Plants need their sleep too
A couple years ago I won an oxalis plant as a door prize at a Master Gardener meeting. I removed it from the plastic pot it came in, put it in a pretty ceramic pot and placed it in my dining room near the window.
For those not familiar with the plant, oxalis is sometimes called shamrock plant because of the shape of its leaves. The leaves can be either green or purple and the delicate flowers are white or pink.
I’ve noticed something strange about the oxalis. When I go into the dining room at night, the leaves are all folded into themselves and drooping, not like the plant is sick, but almost like it’s sleeping. The next morning it’s normal again. This happens every night. When I have to go into the dining room at night, I almost want to say, “Oops, excuse me, sorry to bother you!” I get what I need, turn out the light, and get out of the room as fast as I can.
It turns out that there’s a word for the process that makes the oxalis leaves droop. Nyctinastic. It means night-induced movements.
If you grow a vegetable garden, you may notice that the leaves on your bean plants begin to droop near dusk. Same thing. They don’t need water, they just need sleep. Wood sorrel is another plant that is nyctinastic. You might find it growing as a weed in your flower beds. The leaves look like miniature shamrocks and it has tiny yellow flowers.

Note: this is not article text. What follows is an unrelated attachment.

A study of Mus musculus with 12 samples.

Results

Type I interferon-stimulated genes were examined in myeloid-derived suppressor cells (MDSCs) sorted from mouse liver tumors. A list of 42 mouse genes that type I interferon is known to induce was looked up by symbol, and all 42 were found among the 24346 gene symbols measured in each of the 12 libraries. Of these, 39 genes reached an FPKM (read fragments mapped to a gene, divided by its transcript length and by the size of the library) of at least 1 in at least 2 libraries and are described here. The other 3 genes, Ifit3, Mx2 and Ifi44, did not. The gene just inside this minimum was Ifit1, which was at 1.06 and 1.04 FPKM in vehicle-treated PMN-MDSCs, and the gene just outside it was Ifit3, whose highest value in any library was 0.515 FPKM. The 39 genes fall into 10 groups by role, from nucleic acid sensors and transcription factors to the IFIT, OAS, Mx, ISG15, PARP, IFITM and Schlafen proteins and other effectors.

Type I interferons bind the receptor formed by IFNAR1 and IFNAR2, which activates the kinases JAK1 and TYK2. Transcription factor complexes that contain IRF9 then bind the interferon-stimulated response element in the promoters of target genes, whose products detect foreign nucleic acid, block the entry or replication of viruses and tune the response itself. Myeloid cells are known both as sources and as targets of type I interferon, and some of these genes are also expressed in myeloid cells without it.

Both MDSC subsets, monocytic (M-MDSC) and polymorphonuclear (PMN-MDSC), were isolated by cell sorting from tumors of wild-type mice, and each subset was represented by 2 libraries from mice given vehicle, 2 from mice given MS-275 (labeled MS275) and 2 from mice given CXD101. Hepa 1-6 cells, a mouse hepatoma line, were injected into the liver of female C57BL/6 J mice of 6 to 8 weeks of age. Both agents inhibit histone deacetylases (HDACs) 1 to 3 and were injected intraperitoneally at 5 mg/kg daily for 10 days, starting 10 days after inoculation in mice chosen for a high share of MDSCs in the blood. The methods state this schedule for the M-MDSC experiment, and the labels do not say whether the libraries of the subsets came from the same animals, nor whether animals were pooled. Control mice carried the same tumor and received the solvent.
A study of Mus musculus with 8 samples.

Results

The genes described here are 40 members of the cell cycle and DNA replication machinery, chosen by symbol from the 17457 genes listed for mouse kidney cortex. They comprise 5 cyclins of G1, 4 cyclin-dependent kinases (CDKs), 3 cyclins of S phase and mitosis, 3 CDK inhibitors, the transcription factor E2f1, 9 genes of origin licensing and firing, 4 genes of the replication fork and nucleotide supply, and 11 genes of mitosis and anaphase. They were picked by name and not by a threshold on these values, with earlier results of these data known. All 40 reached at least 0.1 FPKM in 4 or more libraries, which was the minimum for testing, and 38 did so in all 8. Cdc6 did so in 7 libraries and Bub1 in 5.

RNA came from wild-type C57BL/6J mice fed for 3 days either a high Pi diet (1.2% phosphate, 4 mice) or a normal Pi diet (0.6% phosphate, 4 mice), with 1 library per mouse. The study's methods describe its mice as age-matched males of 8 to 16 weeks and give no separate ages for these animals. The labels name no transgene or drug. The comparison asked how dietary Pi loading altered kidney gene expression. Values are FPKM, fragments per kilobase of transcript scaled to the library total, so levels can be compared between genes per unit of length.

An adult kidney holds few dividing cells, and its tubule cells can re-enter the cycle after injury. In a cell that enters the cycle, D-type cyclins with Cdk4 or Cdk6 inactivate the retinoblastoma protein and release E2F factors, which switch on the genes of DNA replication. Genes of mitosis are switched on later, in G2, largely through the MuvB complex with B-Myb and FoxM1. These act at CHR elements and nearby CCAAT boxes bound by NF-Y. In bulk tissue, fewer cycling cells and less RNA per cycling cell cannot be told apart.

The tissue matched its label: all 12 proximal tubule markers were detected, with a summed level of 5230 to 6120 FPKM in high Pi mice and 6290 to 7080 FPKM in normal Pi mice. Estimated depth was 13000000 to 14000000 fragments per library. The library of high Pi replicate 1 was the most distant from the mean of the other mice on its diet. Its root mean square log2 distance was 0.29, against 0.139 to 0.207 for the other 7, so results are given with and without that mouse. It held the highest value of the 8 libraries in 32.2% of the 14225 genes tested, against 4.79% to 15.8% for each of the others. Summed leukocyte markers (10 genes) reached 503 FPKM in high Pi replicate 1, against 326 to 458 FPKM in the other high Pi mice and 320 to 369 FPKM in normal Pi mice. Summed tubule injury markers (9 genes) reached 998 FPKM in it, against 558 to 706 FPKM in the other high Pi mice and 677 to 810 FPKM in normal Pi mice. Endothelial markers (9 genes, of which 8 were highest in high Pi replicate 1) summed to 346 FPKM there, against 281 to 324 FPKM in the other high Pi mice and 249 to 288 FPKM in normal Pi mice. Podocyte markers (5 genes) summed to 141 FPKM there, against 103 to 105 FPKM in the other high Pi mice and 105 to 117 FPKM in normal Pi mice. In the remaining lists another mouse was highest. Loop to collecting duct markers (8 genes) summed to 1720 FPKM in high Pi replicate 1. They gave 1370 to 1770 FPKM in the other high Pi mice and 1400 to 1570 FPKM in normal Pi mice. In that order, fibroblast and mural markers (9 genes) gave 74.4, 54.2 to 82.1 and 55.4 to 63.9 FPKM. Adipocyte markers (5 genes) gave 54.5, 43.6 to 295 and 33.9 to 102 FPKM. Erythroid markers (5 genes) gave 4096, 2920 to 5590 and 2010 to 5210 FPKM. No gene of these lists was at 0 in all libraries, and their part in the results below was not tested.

Most plants in the legume family are nyctinastic to some degree. These include alfalfa, clover, peas, beans, lupines and soy.
We don’t know why some plants are nyctinastic and others are not, but scientists have been studying how it happens since the 4th century BC. Nyctinastic movement is regulated by chemical compounds that differ depending on the plant. The plants all have leaf-closing substances and leaf-opening substances in competition. When it starts to get dark, the leaf-closing substance is stronger and wins out. When morning comes, it is out-competed by the leaf-opening substance.
Scientists have also discovered that when nyctinastic plants are subjected to sleep deprivation, they wither and die. The plants need eight hours or more of sleep each night, just as we do. This is a good incentive for unplugging electronics that light up your rooms at night and turning off outdoor lights.
The “nastic” part of the word means “a non-directional movement in response to a stimulus.” Non-directional means that the plant is making a movement but not necessarily toward or away from the stimulus.
There are other “nastic” movements that plants make such as photonasty (response to light), chemonasty (chemicals), hydronasty (water), thermonasty (temperature), geonasty (gravity) and thigmonasty (touch).
You may not find any practical use for this knowledge, but you will impress your friends with your new vocabulary words! Nyctinastic is pronounced “nick-tin-as-tick.”
This entry was posted on Wednesday, January 19th, 2011 at 11:42 am and is filed under Newspaper Columns. You can follow any responses to this entry through the RSS 2.0 feed. You can leave a response, or trackback from your own site.